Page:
April 7th is International Beaver Day. Beavers are fascinating animals that build dams and lodges across rivers and streams. They have large, flat tails that they smack against the water when danger is near and big, chisel-like front teeth that are perfect for gnawing on wood. Let’s dive in and explore some more about the beaver!
Beavers have orange teeth – Their tooth enamel is rich in iron, which gives their teeth a distinctive orange hue.
Beavers actually eat wood – They don’t just chop wood with their chompers, they actually eat it too. Beavers will often snack on tree bark and the soft wood growth right underneath the bark. They also eat aquatic vegetation, stems and leaves.
Beavers are the largest rodents in North America – There are only two species of beaver in the world – the North American Beaver and the Eurasian Beaver. The North American Beaver can weigh between 35-65 pounds and can be up to 4 feet long.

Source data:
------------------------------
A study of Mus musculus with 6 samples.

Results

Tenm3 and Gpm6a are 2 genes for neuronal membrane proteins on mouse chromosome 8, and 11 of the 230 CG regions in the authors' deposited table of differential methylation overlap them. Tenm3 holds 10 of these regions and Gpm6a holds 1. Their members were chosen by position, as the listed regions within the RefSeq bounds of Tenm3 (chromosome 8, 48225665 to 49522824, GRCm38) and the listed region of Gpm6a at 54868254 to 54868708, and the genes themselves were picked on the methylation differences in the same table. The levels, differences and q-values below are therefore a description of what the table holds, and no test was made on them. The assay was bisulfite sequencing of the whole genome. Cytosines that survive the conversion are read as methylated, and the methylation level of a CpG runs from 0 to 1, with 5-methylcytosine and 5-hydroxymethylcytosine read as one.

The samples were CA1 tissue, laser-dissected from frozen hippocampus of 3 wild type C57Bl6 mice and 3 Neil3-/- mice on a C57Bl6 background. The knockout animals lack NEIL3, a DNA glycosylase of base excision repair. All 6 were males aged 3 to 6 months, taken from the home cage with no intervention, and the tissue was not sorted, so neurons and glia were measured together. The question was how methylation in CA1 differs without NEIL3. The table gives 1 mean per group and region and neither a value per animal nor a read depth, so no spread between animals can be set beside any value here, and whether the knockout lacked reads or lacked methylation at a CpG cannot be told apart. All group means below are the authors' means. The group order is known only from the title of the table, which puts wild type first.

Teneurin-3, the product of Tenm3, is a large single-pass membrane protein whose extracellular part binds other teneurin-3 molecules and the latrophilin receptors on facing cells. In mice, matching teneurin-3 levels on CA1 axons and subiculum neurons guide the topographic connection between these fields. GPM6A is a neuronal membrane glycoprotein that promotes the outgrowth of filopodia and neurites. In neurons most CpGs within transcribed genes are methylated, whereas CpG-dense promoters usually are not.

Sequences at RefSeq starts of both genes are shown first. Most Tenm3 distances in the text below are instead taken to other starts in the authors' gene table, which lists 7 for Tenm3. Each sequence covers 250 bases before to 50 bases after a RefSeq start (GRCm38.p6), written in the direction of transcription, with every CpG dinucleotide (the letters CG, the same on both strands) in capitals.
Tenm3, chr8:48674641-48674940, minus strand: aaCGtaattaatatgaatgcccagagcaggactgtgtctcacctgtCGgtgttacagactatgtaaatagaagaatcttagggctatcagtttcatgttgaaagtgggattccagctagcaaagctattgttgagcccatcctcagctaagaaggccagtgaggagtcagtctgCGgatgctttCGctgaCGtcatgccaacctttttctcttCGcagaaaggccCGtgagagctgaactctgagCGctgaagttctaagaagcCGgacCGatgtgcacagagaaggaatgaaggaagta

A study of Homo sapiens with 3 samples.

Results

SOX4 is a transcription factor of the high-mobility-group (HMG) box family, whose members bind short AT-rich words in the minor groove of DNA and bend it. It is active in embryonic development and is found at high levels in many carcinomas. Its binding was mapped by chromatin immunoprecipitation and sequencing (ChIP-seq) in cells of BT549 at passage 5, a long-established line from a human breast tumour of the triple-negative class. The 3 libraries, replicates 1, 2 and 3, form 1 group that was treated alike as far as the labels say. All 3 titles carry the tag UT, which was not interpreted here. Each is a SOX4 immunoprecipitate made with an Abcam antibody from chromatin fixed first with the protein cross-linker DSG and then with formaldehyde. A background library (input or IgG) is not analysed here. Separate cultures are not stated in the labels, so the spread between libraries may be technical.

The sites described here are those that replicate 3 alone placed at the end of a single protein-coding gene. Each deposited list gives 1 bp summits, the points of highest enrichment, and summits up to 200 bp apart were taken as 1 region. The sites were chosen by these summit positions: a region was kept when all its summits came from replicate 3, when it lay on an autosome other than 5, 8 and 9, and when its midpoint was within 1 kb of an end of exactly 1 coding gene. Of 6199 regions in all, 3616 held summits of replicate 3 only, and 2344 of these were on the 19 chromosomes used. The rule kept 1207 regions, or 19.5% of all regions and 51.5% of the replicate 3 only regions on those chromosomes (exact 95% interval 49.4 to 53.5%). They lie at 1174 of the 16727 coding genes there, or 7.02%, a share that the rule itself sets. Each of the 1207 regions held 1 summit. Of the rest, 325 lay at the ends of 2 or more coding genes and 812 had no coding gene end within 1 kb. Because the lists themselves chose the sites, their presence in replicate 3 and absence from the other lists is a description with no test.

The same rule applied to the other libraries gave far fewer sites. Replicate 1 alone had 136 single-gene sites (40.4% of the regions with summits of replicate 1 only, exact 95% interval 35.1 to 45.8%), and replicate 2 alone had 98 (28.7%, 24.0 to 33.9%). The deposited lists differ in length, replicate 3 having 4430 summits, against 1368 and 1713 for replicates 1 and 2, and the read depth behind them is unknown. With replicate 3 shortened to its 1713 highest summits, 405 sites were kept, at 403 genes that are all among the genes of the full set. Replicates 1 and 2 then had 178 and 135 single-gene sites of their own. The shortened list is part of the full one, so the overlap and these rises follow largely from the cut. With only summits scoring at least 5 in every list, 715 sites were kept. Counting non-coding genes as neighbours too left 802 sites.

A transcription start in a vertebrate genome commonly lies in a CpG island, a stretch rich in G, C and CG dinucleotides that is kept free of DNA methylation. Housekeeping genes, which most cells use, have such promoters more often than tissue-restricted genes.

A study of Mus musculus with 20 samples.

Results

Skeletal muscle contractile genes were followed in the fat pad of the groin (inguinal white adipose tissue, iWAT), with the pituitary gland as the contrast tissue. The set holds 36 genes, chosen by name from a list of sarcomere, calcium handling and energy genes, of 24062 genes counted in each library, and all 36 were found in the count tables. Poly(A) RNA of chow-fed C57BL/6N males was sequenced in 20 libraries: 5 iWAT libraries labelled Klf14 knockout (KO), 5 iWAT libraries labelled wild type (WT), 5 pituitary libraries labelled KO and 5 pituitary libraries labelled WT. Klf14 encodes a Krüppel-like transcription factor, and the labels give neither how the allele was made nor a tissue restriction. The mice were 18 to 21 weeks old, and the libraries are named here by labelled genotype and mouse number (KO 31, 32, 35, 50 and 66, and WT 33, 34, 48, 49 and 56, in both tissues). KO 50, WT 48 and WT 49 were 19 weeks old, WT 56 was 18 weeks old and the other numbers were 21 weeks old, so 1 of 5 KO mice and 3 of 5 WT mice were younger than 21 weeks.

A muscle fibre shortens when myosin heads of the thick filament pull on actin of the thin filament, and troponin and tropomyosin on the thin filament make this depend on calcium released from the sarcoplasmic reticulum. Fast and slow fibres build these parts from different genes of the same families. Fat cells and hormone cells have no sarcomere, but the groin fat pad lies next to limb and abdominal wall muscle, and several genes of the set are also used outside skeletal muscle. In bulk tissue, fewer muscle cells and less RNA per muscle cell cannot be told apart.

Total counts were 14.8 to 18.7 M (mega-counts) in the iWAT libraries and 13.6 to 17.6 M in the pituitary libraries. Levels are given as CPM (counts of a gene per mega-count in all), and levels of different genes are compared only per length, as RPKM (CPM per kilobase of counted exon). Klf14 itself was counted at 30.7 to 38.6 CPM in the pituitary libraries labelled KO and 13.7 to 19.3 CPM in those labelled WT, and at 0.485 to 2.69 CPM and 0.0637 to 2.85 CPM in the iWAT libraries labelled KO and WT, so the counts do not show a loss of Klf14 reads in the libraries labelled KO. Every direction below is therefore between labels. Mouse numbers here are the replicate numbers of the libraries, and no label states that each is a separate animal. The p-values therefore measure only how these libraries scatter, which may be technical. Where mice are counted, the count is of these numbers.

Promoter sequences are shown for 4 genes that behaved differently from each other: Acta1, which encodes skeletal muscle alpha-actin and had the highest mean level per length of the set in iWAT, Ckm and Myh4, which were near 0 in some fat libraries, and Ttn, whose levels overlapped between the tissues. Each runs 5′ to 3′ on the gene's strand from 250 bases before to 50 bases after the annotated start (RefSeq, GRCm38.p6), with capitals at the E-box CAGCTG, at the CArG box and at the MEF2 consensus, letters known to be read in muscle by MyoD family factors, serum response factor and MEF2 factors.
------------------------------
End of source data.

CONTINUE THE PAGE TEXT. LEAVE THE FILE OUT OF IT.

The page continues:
Beavers can stay underwater for 6 to 8 minutes – Beavers have very large lungs. This large lung capacity allows them to stay submerged for several minutes while they swim along at up to 6 MPH.
Beavers modify their environment – Beavers are one of the few animals that actually modify their environment or habitat by building dams and lodges. They use sticks, branches, reeds and other woody bits, which they caulk together with mud and stone.
Beavers don’t just build dams – Beavers are known for building dams but they also build lodges. These dome-like lodges are where the beaver lives and are typically away from the shore. The lodges form islands that are only accessible from the water. The floor is usually covered with wood shavings to soak up moisture and provide the beaver with a comfy place to sleep.
While many feel that beavers are nuisance animals because of their dams that slow or block streams and rivers, they are actually beneficial creatures. Their dams and lodges create pools for fish and can slow rivers and streams that would otherwise be too fast flowing for many animals. They are fascinating creatures that should be celebrated. So, this April 7th, join us in celebrating the beneficial beaver on International Beaver Day!